Innovative research worth $700,000 to help beat breast cancer - News & Updates • Breast Cancer Foundation NZ

Innovative research worth $700,000 to help beat breast cancer

Innovative research worth $700,000 to help beat breast cancer

Breast Cancer Foundation NZ (BCFNZ), in partnership with Breast Cancer Cure (BCC) and the Health Research Council (HRC), has announced funding for three exciting new research projects together worth $700,000.

They will focus on developing better, simpler and cheaper diagnostic and treatment options for breast cancer patients.

The chief executive of BCFNZ, Evangelia Henderson, says she is excited by the potential of these and other research projects being funded by the Foundation.

“We have to keep pushing for new frontiers in scientific understanding. This cannot wait until next decade – we have to act now,” Mrs Henderson says.

“The investment we make now is paving the way for the scientific breakthroughs that we so desperately need. With 3,300 Kiwis diagnosed with breast cancer each year, we must find better treatments as soon as possible.

“This partnership approach, with the Health Research Council matching charity donations dollar for dollar, means we get the best ‘bang’ for our donors’ bucks.”

The research recipients are:

Dr Gavin Harris, Canterbury District Health Board

Using deep learning and digital pathology for detailed breast tumour analysis


Digital pathology – looking at tumour samples on a computer screen rather than through a microscope – helps pathologists analyse tumours and report the subtype, which determines what treatment is required, to doctors faster. In this project, Dr Harris and his team will take digital pathology even further by developing machine-learning algorithms to automatically identify genomic features of the tumour that would otherwise only be found through expensive molecular testing. Such tests, which indicate how well a breast cancer will respond to treatment, are usually only available at considerable cost to the patient. Dr Harris’s project has the potential to make testing more affordable and accessible, enabling more patients to have tailored treatments that can increase chances of survival.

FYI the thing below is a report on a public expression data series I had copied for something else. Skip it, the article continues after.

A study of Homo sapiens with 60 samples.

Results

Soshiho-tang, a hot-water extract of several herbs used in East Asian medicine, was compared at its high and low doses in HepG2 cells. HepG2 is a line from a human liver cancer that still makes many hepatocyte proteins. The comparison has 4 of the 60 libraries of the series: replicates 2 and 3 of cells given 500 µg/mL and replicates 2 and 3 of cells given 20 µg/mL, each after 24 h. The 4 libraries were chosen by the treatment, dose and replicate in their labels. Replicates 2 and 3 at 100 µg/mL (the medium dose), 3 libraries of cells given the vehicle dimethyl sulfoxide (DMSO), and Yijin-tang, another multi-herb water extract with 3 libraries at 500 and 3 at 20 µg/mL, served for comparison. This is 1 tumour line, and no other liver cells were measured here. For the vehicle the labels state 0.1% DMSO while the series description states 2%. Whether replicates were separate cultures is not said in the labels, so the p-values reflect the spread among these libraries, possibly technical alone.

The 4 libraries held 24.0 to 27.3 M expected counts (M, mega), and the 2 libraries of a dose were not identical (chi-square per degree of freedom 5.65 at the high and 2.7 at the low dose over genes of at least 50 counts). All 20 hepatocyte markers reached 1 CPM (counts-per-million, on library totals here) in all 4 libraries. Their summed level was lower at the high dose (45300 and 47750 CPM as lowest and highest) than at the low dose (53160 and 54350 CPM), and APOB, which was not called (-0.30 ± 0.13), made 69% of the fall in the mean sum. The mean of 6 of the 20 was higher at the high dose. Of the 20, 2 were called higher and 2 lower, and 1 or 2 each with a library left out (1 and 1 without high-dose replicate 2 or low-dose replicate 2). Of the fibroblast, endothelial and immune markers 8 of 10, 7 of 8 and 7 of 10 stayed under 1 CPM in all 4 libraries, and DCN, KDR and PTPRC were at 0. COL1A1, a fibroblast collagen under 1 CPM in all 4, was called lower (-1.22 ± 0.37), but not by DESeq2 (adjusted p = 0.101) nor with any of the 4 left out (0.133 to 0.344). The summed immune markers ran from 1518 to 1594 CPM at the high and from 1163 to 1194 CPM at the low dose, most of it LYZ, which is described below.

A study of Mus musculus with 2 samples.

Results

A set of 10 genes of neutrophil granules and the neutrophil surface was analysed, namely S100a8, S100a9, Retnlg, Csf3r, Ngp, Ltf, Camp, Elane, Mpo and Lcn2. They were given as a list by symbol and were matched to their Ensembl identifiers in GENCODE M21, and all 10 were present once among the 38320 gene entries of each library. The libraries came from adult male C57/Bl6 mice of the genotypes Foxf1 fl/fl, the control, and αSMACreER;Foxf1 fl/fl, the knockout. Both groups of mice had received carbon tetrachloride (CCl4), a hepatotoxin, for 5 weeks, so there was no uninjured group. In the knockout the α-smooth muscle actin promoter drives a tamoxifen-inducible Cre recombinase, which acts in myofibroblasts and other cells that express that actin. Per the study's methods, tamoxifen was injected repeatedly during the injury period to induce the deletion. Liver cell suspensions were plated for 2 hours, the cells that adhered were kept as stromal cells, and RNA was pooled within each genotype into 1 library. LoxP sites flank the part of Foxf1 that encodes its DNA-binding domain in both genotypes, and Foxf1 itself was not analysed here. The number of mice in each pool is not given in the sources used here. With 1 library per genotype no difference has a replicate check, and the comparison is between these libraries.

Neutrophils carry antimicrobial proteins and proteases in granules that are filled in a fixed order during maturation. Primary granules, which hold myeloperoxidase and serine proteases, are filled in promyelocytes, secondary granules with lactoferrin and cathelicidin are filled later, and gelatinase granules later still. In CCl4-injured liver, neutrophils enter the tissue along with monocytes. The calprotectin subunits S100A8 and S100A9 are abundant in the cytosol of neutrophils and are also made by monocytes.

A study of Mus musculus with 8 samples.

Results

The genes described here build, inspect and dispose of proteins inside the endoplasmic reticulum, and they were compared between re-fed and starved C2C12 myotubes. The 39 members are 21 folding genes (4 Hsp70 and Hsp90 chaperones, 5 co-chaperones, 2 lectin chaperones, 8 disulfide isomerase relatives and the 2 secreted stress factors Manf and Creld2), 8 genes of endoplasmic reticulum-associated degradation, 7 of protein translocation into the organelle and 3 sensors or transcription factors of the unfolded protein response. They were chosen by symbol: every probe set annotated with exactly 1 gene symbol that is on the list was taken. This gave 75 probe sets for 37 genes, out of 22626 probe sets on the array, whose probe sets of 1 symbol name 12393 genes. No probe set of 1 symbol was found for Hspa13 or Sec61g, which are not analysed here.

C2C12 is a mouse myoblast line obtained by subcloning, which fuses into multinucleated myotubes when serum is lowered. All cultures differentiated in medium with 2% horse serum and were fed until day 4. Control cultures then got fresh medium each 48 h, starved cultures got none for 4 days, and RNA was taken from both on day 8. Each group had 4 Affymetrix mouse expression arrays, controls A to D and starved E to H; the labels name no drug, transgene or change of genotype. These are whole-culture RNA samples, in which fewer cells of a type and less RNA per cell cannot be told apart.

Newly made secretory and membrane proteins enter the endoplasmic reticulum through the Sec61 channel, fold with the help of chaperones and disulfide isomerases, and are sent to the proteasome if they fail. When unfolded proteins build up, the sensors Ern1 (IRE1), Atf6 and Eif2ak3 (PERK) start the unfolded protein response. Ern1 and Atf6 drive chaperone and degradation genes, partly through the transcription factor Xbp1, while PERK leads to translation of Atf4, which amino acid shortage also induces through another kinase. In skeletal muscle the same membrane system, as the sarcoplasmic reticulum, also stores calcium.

Dr Annette Lasham, The University of Auckland

Validation of a liquid biopsy to predict recurrence in NZ breast cancer patients


Early detection of breast cancer recurrence is critical when it comes to saving lives. Dr Lasham and her team have identified two molecules in patient blood samples that seem to be reliable predictors of which women would have a relapse before five years. They now want to test for those molecules in 400 breast cancer patients, to see if they can be used as a blood test to predict disease recurrence. Combining blood test results with existing clinical and pathological tests could give doctors and patients a more accurate prognosis. This information could guide treatment decisions or suggest which patients may need closer monitoring after surgery for breast cancer.

Barbara Lipert, The University of Auckland

Predicting whether patients with HER2+ advanced breast cancer will respond to the drug Kadcyla


Kadcyla, a new drug approved this month by Pharmac, extends the survival of people with HER2+ advanced breast cancer (ABC). However, some patients don’t benefit at all from Kadcyla, while others find it stops working after a while. There are currently no reliable biomarkers to predict this “treatment resistance”. Applying advanced genetic methods, Dr Lipert and her team have identified a panel of 612 genes that could be involved in resistance to Kadcyla. From the 612, they plan to identify a small group of the most likely culprits, which they will de-activate and see how this affects the response to the drug. This could help identify breast cancer patients most likely to benefit from Kadcyla and those who are most likely to develop resistance.